Netflix, based in Los Gatos, Calif., began offering DVD rentals by mail in 1999 but has recently been threatened by nearly identical offerings from Wal-Mart and another much larger rival, Blockbuster, the movie rental chain. Although the competition remains cutthroat, with Amazon.com expected to announce its entry soon, Wal-Mart's withdrawal from the market provides Netflix with a measure of relief.

For Wal-Mart, the Netflix deal represents a rare concession: it surrenders its foothold in an increasingly lucrative, if competitive, market.

"Wal-Mart seems to have assigned its shot at leadership in this category to Netflix," said Dan Hess, senior vice president of comScore Networks, a market research firm.

The venture was a minor one for the gigantic retailer, Mr. Hess said, but "it's always noteworthy when a powerhouse like Wal-Mart takes a step back from a strategy."

John Fleming, Wal-Mart's chief marketing officer, described Netflix in a statement as "the pioneer of online movie rentals" and said Wal-Mart was choosing to build on "tremendous growth in our online movie sales."

Still, the company, based in Bentonville, Ark., has shown signs of struggle. Last week, it reported that its first-quarter earning rose 9.5 percent, the slowest pace in more than two years.. Wal-Mart's shares were little changed today, slipping 7 cents to close at $47.51 on the New York Stock Exchange. Shares of Netflix gained 63 cents, or 4.1 percent, to $16.13 in Nasdaq trading today, but the stock is still well below its all-time high of $39.77, hit in January 2004.

Reed Hastings, Netflix's co-founder and chief executive, said in a statement that the deal with Wal-Mart would bolster both companies' businesses "while providing customers even more choices and convenience."

The companies agreed that Netflix would promote Wal-Mart's online movie store to its three million subscribers, both on its Web site and through flyers enclosed with its DVD's, while Wal-Mart would promote Netflix's service.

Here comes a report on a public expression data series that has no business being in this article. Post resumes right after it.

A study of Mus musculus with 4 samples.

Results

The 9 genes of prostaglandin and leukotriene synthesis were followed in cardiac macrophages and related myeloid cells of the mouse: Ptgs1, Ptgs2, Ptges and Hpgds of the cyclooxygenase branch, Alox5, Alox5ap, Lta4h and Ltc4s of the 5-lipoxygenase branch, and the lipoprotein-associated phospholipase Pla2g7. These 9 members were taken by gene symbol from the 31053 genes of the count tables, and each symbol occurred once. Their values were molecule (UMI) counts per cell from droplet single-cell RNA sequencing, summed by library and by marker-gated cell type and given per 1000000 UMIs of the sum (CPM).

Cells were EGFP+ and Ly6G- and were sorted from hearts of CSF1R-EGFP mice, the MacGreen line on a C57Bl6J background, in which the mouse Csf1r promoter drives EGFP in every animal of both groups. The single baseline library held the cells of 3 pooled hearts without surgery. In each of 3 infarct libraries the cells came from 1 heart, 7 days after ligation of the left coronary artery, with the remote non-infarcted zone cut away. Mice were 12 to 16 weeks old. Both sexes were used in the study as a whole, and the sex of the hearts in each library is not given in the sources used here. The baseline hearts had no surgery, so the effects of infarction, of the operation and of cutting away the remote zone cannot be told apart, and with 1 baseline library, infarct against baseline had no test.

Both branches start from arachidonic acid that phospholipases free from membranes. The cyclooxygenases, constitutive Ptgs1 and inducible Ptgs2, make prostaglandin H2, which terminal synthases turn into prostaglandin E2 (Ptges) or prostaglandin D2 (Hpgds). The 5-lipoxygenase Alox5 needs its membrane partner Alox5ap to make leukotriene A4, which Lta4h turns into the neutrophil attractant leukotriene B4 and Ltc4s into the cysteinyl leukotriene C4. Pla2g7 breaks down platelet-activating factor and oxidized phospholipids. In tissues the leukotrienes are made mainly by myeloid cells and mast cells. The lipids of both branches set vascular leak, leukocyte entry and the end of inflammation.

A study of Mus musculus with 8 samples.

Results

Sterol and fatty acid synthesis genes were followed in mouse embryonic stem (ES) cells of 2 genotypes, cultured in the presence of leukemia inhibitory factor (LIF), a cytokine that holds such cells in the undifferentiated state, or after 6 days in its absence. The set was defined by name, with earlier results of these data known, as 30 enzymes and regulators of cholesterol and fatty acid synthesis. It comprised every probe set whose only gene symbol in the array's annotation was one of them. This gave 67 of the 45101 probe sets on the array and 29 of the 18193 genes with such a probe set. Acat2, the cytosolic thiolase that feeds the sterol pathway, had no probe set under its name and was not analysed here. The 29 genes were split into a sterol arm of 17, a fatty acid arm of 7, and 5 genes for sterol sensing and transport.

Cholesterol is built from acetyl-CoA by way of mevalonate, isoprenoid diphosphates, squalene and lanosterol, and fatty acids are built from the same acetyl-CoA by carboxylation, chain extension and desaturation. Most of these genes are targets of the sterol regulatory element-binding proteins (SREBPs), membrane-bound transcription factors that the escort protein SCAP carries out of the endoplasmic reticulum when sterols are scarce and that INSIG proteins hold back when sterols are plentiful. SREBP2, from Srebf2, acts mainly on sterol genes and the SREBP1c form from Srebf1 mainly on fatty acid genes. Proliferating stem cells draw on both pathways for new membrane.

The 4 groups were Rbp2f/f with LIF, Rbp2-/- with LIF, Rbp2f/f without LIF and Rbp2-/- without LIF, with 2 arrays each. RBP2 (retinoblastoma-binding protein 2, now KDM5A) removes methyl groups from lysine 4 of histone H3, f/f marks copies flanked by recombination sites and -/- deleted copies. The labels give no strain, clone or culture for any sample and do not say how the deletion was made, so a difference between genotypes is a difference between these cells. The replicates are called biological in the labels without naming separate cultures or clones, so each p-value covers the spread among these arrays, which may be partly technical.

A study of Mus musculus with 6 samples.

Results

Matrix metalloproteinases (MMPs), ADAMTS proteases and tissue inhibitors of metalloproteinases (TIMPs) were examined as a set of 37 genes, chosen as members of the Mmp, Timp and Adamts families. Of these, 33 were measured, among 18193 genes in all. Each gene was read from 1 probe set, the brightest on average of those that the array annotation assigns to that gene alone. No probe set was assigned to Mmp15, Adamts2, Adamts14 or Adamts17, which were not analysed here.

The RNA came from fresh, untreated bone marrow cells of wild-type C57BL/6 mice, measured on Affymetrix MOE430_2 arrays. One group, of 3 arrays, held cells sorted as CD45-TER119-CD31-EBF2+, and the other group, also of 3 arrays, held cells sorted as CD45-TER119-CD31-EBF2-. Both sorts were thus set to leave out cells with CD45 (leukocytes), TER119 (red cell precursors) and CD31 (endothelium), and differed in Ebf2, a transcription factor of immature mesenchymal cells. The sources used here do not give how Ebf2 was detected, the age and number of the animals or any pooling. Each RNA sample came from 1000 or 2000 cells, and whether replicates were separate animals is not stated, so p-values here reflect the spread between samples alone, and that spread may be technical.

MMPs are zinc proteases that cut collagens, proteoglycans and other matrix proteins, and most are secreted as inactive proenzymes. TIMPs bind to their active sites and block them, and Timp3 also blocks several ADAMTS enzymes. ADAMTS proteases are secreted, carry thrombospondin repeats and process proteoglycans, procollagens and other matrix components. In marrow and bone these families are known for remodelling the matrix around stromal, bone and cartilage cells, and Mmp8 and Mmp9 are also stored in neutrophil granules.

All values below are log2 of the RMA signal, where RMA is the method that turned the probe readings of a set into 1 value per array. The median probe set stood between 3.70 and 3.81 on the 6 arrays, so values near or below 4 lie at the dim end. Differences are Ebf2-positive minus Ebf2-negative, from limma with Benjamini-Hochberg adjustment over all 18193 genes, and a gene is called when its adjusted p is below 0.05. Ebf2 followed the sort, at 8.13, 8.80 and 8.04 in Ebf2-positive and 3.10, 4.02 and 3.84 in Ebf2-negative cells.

For $17.99 a month, Netflix's customers rent up to three DVD's at a time, choosing from about 40,000 titles. They receive new movies by returning any of the ones they borrowed, or they can hold onto the rentals as long as they want. That flexibility has been credited with pushing Blockbuster to do away with its late fees a few months ago.

Current subscribers to Wal-Mart's DVD rental service, which began in June 2003, can join Netflix at their old rate, typically $12.97 a month to rent two movies at a time. Those who fail to transfer their membership by June 17 will lose the service. Wal-Mart did not disclose how many subscribers it has.

Netflix predicted only moderate benefit from the deal with Wal-Mart, saying it still expected to lose $5 million to $15 million this year as it competes with newer services like Blockbuster's. Amazon.com, which began offering online DVD rentals in Britain last year, has not said whether it plans to start distributing DVD's in the United States, although analysts have predicted its entry.

Blockbuster, based in Dallas, responded to its rivals' agreement this afternoon by offering two free months of service and a free DVD to customers who switch from Wal-Mart or Netflix's rental service. The company will also match either competitor's subscription price, "to continue to compete very aggressively in this space," John Antioco, Blockbuster's chief executive, said in a statement.

Blockbuster began offering online DVD rentals last year and is so far charging $14.99 a month for the service, plus two in-store rentals.


Source: New York Times

Woohoo!!! Stick it to the man!




I love Netflix.

I hate Blockbuster.
I hate Walmart & will never shop there again.

Netflix rules. I hope they don't send me any fliers. If they do, I shall throw them away.

The anti-Wal*Mart brigade (of which I'm a card-carrying member) are hating this move, calling Netflix out for being in league with the devil. Personally, I love that Netflix drove Wal*Mart out of their business entirely, and all for the cost of a "buy this title from Wal*Mart" link.

Now, WM competitors in every other industry shoud take note and hurt Wal*Mart accordingly in every sector by beating them on selection, service and outside-the-box thinking.